How to use a Conventional Spray-gun

Conventional spray systems are used to spray fine finishes. Learn how to set up and spray using a pot and compressor

HVLP Spray-Guns

HVLP Spray-guns are High Volume Low Pressure Spray-Guns. Learn how to set up, operate and shut down a HVLP

How to set up an airless spray-gun.

The airless spray system requires paint to be placed under pressure and forced out through a tip. The airless principle is like a garden hose. Pressurised water travers through the garden hose and through the restriction in the nozzle causing the water to atomise as it leaves the nozzle. To pressurise the paint airless systems use one of two pumps. These are either piston or diaphragm. The pumps need an energy/power source to run and this supply is usually electricity, compressed air or a liquid fuel (petrol,diesel).

Back-rolling and Airless Spraying

According to the AS/NZ Guide to Painting of Buildings;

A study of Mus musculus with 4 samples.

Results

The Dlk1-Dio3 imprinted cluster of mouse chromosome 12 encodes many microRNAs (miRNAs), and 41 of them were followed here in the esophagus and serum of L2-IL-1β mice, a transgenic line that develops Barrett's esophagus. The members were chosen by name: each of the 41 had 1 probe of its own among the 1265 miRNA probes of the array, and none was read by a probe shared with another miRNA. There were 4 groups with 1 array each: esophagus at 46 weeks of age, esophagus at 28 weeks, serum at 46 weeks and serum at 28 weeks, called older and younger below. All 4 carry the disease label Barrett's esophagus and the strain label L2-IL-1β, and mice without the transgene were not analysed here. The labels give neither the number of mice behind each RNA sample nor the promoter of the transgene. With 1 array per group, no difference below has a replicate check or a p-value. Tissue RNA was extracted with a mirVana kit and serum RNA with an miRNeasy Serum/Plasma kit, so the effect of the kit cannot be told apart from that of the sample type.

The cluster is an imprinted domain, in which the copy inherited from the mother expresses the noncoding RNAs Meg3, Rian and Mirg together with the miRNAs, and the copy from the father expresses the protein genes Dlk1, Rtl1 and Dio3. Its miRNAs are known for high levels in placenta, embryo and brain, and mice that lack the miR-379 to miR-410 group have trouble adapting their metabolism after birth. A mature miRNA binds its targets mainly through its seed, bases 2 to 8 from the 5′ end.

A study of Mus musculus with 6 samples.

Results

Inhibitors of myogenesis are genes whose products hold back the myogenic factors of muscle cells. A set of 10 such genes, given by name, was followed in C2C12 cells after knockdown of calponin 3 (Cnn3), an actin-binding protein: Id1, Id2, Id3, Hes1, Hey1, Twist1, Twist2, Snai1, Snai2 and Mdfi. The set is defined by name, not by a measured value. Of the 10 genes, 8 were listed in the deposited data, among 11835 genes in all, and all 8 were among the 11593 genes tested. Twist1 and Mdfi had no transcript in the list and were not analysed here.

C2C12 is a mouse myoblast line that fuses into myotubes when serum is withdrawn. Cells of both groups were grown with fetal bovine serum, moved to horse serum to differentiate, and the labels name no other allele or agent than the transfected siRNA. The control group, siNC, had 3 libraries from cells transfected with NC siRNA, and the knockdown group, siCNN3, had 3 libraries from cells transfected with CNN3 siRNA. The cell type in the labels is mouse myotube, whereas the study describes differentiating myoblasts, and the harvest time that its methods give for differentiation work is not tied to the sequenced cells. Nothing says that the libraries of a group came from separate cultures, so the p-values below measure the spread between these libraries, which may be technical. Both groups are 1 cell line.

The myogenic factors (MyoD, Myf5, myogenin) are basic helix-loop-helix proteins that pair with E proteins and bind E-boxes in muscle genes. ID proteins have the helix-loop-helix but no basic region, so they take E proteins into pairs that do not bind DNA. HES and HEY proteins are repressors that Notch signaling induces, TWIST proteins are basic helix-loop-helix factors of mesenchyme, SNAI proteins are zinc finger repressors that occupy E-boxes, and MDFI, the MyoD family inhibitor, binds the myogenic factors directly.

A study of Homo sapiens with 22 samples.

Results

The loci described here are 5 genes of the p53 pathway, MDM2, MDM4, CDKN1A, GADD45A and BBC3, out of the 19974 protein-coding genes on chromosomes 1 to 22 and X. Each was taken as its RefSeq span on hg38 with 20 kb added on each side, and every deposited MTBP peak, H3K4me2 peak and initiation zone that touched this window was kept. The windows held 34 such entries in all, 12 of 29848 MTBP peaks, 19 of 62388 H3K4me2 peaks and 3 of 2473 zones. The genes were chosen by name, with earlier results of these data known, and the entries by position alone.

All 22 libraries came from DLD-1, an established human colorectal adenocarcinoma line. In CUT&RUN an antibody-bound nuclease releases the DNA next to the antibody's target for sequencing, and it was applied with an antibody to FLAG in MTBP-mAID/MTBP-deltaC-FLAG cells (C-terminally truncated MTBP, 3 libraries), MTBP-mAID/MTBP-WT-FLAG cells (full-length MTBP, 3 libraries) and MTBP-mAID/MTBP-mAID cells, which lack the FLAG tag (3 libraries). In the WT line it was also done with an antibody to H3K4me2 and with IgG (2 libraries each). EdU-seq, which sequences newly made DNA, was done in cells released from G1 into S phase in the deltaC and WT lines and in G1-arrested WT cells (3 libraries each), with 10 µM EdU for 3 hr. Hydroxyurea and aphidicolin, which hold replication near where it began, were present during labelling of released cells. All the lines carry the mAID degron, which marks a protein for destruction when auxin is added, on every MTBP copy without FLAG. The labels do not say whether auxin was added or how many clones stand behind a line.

"For airless spray application pressure is used to force paint through a fine orifice causing the paint to atomize into very fine droplets. No air is added to the paint. The method provides speed and the ability to atomize a wide variety of coatings and gives a smoother and more uniform coat compared with brushing and rolling. Overspray and paint bounce-back need management.

For broad-wall and ceiling areas, in critical light conditions, airless spray application should be back-rolled. Back rolling should occur whilst the paint film is still wet using a paint roller charged with paint then expelled. Do not commence back-rolling with a dry roller.

For plaster jointed substrates such as paper faced plaster boards or fibre cement sheet that are coated by spray application back rolling or sanding of the first seal coat is highly recommended and back rolling of the final top coat is recommended."
For more learning resources on spray-painting, please contact the National Painting and Decorating Institute.